COMPATIBILITY: These rules suggestions assume that your game has a significant number of skills or skill-like traits. It further assumes that if those skills are used in combination with an ‘attribute’, that they could be separated and linked with another attribute relatively easy on the fly. If none of those are true of your game, this plug-in is likely incompatible.
WHAT IS THIS?
Thog the Barbarian, socially inept idiot, is the champion of drinking contests, and they love him. Forsythe from accounting is hugely dull to outsiders, but his stories about the copy room key and, ahem, where it’s been, were the hit of the company picnic. Sometimes, social aptitude has very little to do with being generically diplomatic or intimidating or any such thing; sometimes, it’s all about the context. That’s what these suggestions are all about.
Most experience GMs have had a moment at some point where they allowed a non-social skill to be used socially. If Marius wants to impress the Countess by improvising poetry, well, poetry isn’t a social skill necessarily, but we’ll treat it like diplomacy for this; Marius can use his charm in place of his wits to make the roll. By deliberately and explicitly creating situations where this kind of thing takes place now and then, the GM can give their players opportunities to use their characters in new ways. Here’s how:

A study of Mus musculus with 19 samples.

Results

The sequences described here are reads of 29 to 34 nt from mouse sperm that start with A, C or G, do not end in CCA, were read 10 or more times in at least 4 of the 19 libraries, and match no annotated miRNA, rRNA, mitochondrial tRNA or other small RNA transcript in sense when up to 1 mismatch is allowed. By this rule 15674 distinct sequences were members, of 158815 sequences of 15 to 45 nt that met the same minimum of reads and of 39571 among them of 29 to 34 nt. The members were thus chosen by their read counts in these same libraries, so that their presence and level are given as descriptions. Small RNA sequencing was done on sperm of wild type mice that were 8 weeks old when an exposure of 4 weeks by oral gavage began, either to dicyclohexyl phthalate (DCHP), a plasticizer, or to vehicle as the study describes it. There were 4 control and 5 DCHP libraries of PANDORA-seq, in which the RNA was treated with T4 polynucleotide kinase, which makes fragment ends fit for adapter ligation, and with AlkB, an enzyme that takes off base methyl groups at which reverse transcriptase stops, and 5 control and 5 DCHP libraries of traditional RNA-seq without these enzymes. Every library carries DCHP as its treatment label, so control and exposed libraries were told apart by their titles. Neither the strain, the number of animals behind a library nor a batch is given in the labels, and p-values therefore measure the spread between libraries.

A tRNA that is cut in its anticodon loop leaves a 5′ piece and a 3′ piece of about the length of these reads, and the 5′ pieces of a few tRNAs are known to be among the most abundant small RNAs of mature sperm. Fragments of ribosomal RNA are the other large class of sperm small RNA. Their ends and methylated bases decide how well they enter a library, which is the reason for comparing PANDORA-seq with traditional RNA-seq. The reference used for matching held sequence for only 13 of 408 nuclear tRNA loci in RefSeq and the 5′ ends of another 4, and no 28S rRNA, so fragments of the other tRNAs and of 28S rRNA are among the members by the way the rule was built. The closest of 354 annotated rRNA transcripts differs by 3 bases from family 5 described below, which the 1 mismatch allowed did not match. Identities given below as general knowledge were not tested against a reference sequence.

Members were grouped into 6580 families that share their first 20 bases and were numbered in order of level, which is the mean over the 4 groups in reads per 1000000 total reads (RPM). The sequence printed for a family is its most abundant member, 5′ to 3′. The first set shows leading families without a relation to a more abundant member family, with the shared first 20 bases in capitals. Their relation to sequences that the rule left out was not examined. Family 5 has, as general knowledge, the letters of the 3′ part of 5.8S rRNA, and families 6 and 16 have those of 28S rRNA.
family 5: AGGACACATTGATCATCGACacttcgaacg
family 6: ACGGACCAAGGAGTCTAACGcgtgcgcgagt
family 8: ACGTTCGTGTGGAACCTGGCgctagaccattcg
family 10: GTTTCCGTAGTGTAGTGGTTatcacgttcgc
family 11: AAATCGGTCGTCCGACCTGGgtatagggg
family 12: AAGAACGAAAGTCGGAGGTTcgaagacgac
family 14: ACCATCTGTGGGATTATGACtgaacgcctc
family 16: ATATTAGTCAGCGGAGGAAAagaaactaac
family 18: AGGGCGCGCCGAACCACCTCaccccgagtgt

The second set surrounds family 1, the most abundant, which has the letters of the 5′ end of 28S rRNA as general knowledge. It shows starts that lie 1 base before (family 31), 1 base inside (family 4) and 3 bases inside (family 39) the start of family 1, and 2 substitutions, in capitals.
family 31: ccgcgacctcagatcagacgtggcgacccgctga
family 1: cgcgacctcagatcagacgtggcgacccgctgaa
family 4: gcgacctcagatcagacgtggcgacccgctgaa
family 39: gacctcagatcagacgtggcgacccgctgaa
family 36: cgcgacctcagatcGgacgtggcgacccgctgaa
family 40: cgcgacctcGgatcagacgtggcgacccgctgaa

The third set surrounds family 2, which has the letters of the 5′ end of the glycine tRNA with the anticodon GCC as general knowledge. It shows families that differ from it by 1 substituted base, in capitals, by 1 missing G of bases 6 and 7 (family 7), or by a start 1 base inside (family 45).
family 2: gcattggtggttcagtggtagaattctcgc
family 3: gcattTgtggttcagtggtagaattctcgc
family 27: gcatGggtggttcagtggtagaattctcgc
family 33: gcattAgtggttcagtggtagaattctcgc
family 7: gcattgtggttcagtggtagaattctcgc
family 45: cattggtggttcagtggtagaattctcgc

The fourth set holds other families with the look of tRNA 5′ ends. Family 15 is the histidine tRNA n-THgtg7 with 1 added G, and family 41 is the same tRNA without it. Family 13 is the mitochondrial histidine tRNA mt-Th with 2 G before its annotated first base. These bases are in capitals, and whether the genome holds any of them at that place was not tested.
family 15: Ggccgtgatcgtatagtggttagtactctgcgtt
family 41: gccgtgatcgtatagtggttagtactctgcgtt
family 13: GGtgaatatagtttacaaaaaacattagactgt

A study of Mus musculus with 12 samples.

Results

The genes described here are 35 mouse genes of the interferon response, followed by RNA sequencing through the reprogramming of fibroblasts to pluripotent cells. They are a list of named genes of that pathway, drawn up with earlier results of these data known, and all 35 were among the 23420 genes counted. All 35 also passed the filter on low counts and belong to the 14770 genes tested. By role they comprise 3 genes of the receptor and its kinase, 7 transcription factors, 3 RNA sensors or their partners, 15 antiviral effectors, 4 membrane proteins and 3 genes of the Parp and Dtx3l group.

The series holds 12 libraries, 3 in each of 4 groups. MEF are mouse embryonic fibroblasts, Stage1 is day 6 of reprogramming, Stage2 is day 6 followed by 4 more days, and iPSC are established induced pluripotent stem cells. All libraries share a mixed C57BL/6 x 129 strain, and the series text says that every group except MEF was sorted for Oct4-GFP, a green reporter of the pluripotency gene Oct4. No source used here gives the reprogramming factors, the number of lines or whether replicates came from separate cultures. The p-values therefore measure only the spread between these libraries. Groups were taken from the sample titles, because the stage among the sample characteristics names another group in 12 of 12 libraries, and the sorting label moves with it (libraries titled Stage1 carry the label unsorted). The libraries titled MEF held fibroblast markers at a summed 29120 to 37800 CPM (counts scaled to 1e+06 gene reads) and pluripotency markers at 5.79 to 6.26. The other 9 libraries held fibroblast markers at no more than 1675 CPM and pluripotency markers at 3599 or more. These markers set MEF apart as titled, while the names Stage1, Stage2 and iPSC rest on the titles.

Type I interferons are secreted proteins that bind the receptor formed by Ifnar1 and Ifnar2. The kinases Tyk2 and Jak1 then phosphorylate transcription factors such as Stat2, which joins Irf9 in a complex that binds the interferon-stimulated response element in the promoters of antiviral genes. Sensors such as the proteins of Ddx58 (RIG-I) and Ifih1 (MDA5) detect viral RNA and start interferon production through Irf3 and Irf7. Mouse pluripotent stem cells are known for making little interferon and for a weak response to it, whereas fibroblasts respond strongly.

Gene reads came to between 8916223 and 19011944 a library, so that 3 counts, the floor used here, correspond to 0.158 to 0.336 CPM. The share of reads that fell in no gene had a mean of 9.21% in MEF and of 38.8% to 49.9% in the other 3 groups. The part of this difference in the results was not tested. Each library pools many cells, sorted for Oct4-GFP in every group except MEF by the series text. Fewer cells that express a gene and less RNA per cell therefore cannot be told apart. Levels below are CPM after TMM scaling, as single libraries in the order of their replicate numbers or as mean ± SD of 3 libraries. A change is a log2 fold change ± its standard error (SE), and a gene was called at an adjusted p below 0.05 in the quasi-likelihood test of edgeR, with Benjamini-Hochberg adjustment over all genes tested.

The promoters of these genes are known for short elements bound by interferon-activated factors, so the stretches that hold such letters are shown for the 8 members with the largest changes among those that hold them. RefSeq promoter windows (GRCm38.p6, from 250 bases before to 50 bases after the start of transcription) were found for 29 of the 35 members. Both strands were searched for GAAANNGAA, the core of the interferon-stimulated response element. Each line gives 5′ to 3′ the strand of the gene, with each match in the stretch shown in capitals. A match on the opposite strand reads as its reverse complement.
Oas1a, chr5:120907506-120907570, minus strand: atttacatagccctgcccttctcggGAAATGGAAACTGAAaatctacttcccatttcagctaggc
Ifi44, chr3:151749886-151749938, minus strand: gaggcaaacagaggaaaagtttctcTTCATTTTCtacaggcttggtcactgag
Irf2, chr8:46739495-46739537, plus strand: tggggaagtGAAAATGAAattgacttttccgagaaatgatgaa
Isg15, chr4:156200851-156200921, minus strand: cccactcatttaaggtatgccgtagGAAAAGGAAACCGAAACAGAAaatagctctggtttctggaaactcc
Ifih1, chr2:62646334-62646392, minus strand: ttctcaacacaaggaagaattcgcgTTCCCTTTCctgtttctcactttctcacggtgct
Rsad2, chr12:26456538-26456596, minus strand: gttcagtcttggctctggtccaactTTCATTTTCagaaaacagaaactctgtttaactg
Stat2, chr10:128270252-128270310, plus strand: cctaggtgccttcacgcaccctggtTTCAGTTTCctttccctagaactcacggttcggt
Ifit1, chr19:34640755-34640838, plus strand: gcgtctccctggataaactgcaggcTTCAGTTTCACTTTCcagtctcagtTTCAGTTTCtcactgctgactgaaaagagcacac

PLAYER-DEFINED “PICNIC SKILLS”
From the opposite side of the game, if the number of skills a given character actually has is relatively small, it can be interesting to have players go through each skill they possess (or a set number of them), and consider these things:
THE EXTREME VERSION
The somewhat more intense version of this idea is to dispense with social skills altogether, and use everything else as social skills. This isn’t as odd as it sounds. For groups that prefer to roleplay out social interactions, only resorting to the dice when there’s a factor that’s hard to play through involved, many of those skills are secondary appendages, a cruft that can be done without; the value is in acting it out, and the ‘normal’ die rolls are a factor that doesn’t actually deserve to be weighed into the equation. By restacking the actually social elements that are actually useful to this style into other skills, the excess can be done away with. For other groups, social interaction rules (and even social conflict rules) can drive a game forward in new and awesome ways. In such groups, while this extreme is likely a bit much, changing up the mechanics in the ways described earlier can still act as the equivalent of setting fight scenes in different kinds of terrain (ones where, say, night vision or balance become deeply important); such changes can put a new face on game bits that might otherwise be a little too predictable.